Our Choices to Buy Physical or Digital Games Are Controlling Our Gaming Habits

Outside of The Legend of Zelda: Breath of the Wild, I’ve logged the most Nintendo Switch hours playing Mario Kart 8 Deluxe. The former I purchased on a physical cartridge, while the latter was received via digital code as a review copy. It may seem minor, but the more I think about it, the more certain I am that I wouldn’t have played either game as much had they swapped places.

As digital marketplaces have become increasingly commonplace and storage becomes cheaper, most players have begun to establish a consistent preference: I prefer digital, or I prefer hard copies. While I’m no different in choosing a side (I do, ideally, prefer physical games), the reality of reviewing is that more often than not in the current year, you’re going to receive a digital download code. I was absolutely thrilled to discover that Nintendo had decided to send a physical copy of Fire Emblem Echoes: Shadows of Valentia, for example, topped with the courtesy of including complimentary amiibo. Meanwhile, both Mario Kart 8 Deluxe and ARMS showed up via email, no frills, no extras: just a lengthy string of numbers and letters.

These are arbitrary examples, but they do yield actual habits of play, whether the individual involved is aware of them or not. For my tastes, a massive undertaking or immersive single player experience is always better as a physical edition. You get the box and its included art, a fancy little cartridge or disc, a manual if the publisher decides to include one, and the pleasure of actually owning something.


Digital games grant easier access, but too many can make consoles feel like your Steam library.

There’s a deep irony here, in that said game usually won’t leave your console for weeks or months at a time. Zelda has literally not left my Switch once since launch thanks to triple-digit play totals and a collection of otherwise digital games, in effect granting Zelda itself a digital-like accessibility since it never leaves my device anyway. Meanwhile, Xenoblade Chronicles X has remained firmly-lodged in my Wii U for even longer, perhaps nearly a year now, as it simply keeps on giving and, like before, so many of my other games are digital versions.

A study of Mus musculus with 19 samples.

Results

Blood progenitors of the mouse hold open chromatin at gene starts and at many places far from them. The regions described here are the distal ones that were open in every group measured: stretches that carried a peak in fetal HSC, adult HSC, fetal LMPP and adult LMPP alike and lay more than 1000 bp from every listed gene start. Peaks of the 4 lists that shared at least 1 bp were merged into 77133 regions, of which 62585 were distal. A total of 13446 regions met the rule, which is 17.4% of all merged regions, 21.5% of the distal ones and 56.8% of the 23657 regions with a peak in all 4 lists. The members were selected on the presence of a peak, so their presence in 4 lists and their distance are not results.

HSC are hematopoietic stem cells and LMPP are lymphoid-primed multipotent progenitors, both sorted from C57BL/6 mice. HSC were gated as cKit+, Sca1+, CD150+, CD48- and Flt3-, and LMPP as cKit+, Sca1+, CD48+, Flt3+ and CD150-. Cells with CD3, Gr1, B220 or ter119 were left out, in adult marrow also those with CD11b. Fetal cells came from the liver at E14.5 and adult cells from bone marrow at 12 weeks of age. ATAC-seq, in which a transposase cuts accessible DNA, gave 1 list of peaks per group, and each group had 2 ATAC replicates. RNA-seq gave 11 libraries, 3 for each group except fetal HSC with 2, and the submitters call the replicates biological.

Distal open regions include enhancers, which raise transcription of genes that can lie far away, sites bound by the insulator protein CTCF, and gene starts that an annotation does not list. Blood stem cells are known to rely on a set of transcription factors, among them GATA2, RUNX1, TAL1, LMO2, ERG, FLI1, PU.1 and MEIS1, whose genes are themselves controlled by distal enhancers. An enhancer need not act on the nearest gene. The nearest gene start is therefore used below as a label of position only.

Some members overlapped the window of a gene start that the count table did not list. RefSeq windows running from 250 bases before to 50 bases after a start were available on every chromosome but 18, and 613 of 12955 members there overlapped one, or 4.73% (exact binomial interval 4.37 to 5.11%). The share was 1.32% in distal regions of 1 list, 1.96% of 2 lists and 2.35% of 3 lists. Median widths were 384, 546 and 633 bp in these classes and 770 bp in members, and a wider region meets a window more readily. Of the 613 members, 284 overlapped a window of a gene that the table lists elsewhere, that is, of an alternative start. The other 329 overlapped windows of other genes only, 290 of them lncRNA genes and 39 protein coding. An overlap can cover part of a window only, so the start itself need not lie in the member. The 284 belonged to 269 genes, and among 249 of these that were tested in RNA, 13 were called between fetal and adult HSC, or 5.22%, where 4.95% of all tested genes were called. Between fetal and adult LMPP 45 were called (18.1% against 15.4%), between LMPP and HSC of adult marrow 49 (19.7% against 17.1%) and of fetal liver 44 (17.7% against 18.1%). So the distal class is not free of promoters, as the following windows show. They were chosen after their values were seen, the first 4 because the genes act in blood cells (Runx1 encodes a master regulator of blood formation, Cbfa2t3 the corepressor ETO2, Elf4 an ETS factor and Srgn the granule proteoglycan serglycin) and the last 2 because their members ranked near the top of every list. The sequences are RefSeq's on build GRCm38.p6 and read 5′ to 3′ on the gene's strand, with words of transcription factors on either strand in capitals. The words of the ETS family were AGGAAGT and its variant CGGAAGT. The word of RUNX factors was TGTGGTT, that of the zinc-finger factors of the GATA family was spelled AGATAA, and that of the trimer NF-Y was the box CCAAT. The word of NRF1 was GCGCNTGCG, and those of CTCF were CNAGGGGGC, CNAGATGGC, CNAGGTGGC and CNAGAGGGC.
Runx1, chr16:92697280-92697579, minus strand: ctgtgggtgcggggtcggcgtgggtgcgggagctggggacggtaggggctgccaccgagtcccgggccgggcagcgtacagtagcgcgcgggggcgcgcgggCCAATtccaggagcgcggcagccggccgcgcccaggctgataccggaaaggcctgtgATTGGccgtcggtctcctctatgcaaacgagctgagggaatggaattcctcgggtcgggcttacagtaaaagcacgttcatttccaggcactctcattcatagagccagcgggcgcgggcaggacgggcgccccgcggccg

An odd conclusion reveals itself, then, in that for massive games a physical nature doesn’t actually stymie the player from playing, or at least not all that often. Smaller games, multiplayer, or titles decidedly less “megaton” nature, on the other hand, can be severely affected by this, even if they are in fact still AAA. Just today I spotted a NeoGAF thread where the poster openly expressed regret over acquiring Mario Kart 8 Deluxe as a physical version.

“It’s ok if I’m willing to play one hour or more of MK,” he said. “But if I just want to do a quick race I usually don’t even bother. I think I would be playing a lot more if it was digital.”

My single other physical game on Switch, Super Bomberman R, corroborates this. I enjoyed the game well enough, and awarded it a very solid score of 3.5 (that’s out of five, if you’re new here). I reviewed the title on a family member’s Switch primarily since I was home at the time, and upon returning I’ve yet to insert the game into my own device, even months later. It’s plenty fun and something I enjoy, so why on earth not? The answer is simple – I open the cartridge flap, or visualize doing so in my mind, and Zelda is already in there. I then close the flap and proceed to play the inserted game or a digital download such as Mario Kart 8 Deluxe.


I doubt anything could have kept me from playing XCX for nearly 200 hours.

While physical versus digital media do influence our habits, in the end ultimate truth or perceived objective quality does have a tendency to prevail. I own ARMS digitally, for example, and while access to quick matches could not be easier, I can already tell I won’t tap its icon all that often outside of multiplayer with friends. Of course, another phenomenon is raised here; do games that are purchased versus professionally obtained or gifted impress a stronger obligation to play? Had I lost $60 on ARMS instead, would I be compelled to “power through” 30 hours instead of 20 (around when it began to grow old) and ultimately unlock the next 50 by knowing the game on a deeper level? These questions are challenging, heavy, and probably unanswerable – not to mention the fact that they belong in their own separate article.

Regardless, I’ve already begun planning future purchases according to this slowly-forming dogma, with Xenoblade Chronicles 2 and Super Mario Odyssey already marked as physical in contrast with smaller titles that may not even provide an option. Of course, if review copies for said games arrive as downloads then my arguably foolish strategy will be foiled, underscoring the fact that a truly great game demands your attention no matter where or how it’s stored and delivered. I suppose keeping that in mind is probably what’s the most important.